I have written about college rivalries before, but I wanted to take things up a notch by focusing on the professional level.
This past Tuesday, the Vegas Golden Knights and the San Jose Sharks faced off at the SAP Center in California, with the Golden Knights winning 4-2. Phil Kessel became the NHL’s new “Iron Man” after playing in his 990th consecutive game to officially pass Keith Yandle on the all-time list and celebrated the accomplishment with a goal. Down 2-1 after two periods, Vegas used three third period goals to snatch victory from defeat.
This will not be the last time these two teams will meet this season, as they have three more games against each other. Having observed the intensity these two teams bring during the game as well as some big moments in some of their previous meetings, one thing comes to mind: This is the NHL’s hottest rivalry. Although the two clubs have trended in opposite directions over the past few seasons, no love is lost when they hit the ice.
In order to analyze this rivalry, we have to start at the beginning. The beginning, in this case, is not one of their four regular-season meetings from the Golden Knights’ inaugural season in 2017-18, but the 2018 Stanley Cup Playoffs. After sweeping their first-round competition in four games, both teams were pitted against each other in the second round.
Vegas advanced to the Western Conference Finals in six games after multiple back-and-forth battles. The heat from that second-round series carried over into each of their regular season meetings in 2018-19, especially when the Sharks won in overtime in the regular season to grab home-ice advantage, but it boiled over during their seven-game first round series in the 2019 Stanley Cup Playoffs.
Entering Game 7, players and coaches on opposite benches had called each other out and San Jose had rallied down three games to one to force a winner-take-all. The reality of a completed comeback seemed bleak as the Sharks were down 3-0 after two periods, but then everything changed. Cody Eakin injured Joe Pavelski in the third period, getting assessed a five-minute major cross-checking penalty and a game misconduct — basically an ejection.
San Jose subsequently opened the floodgates, coming back and taking a 4-3 lead in a little over four minutes on the powerplay. The Golden Knights tied the game with 47 seconds left in regulation, but Barclay Goodrow put the series to rest with his tally late in the extra period in front of the crease. This is when the rivalry between the two West Coast teams became real.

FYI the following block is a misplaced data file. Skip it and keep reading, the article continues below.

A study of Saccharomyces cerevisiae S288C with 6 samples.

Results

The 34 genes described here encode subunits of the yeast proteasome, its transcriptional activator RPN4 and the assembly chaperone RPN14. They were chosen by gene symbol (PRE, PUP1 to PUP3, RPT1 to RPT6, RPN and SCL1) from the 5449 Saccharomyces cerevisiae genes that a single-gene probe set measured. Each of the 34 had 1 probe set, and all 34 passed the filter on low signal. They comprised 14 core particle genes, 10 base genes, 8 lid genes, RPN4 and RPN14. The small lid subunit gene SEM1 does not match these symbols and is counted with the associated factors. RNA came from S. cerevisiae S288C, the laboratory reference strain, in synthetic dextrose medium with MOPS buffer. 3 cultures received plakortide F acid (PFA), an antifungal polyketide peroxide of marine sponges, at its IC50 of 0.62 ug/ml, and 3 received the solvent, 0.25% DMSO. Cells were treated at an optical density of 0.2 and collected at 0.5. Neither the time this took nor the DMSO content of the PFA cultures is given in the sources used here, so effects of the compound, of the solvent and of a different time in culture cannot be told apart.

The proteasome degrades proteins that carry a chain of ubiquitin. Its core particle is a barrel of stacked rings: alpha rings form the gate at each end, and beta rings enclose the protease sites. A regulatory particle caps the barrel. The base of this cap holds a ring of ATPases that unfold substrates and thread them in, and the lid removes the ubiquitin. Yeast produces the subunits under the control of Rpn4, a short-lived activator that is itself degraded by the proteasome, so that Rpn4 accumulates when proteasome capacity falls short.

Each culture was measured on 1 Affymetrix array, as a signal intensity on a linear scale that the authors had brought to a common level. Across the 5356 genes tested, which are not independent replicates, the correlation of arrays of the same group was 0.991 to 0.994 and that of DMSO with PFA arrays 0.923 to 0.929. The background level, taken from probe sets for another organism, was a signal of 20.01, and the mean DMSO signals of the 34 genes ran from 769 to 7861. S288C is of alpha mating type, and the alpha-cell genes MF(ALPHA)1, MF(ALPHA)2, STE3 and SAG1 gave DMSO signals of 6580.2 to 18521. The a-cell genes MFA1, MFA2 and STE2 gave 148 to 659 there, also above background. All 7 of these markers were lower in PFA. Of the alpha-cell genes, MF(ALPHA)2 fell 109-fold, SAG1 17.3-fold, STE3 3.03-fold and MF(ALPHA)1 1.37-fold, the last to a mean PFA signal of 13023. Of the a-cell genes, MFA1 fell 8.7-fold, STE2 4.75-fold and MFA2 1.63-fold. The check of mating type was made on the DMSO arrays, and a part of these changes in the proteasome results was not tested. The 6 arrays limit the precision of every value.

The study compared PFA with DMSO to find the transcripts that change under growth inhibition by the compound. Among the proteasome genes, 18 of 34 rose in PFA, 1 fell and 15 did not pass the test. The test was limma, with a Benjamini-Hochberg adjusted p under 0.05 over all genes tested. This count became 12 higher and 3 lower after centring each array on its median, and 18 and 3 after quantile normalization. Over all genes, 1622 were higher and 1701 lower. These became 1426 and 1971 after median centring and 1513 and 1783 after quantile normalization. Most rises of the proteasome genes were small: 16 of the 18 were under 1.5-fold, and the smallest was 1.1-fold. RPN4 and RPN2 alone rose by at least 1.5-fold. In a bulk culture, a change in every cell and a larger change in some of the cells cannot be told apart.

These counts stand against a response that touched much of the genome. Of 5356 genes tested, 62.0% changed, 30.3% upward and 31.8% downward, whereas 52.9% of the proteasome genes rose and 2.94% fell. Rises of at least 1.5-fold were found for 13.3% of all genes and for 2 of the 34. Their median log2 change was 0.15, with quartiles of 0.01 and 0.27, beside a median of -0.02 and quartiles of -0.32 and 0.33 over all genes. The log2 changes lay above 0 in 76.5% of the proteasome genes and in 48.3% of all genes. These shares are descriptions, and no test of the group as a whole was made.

The bad blood remained, even with both teams missing the 2022 Stanley Cup Playoffs. Entering a matchup at T-Mobile Arena on April 24, 2022, Vegas needed a win to improve their chances of qualifying for a playoff spot while the Sharks had already been eliminated. Everything went the Golden Knights’ way as they had a 4-2 lead with over 13 minutes remaining in regulation.
Vegas led for all but one second the rest of the way as Timo Meier capitalized on a scramble in front of the net for the equalizer to force overtime and Thomas Bordeleau’s shootout goal finished another San Jose comeback. Although that loss did not fully diminish the Knights’ chances of making the playoffs, it set up the pathway for them to be officially eliminated three days later.
But the games are just one aspect, as even head coaches have been involved in this rivalry’s young history. Peter DeBoer, the current head coach of the Dallas Stars, was the Sharks’ head coach when the Golden Knights joined the league in 2017. On Dec. 11, 2019, San Jose fired DeBoer after a rough start to its season and several playoff disappointments, including a Stanley Cup Finals loss. What makes this more interesting is that Gerard Gallant, Vegas’ first ever head coach, got the ax that same day after their slow start to the season and two years of playoff disappointments which also included a Stanley Cup Finals loss.
There were several options that the Golden Knights could have turned to for their second-ever head coach, but the rivalry must have played a part in their decision because they hired DeBoer to run the bench in January of 2020. During his three-season tenure, Vegas went to the semifinals two years in a row and beat the Sharks in the regular season all but once. This made San Jose fans angry because DeBoer most likely knew how to beat his former team, given his experience as their head coach.
Technology and social media have also played a pivotal part in keeping tensions high. Not long after the Sharks’ upset win, they trolled the Golden Knights with a rally cry on their jumbotron meant to get the fans on their feet, but it had a secret message that is hard to notice at first glance. This message, which spread across all forms of social media, serves as a firing shot for the next few years and multiple meetings to come, especially with both cities continuously growing in population and becoming hubs for technology.
What makes this series extra spicy is the fact that there is more intensity between both of these teams than some of the more historic rivalries with more chapters in their books. No other rivalry can match the modern feuds of the coaches or the use of social media to get in the opponent’s head. Even with both teams being in completely different directions, this series is far from over — there are still exciting matchups that will go down. When these two teams get together on the ice, especially when they are both competing for playoff spots, we all are in for an exciting 60 minutes of hockey.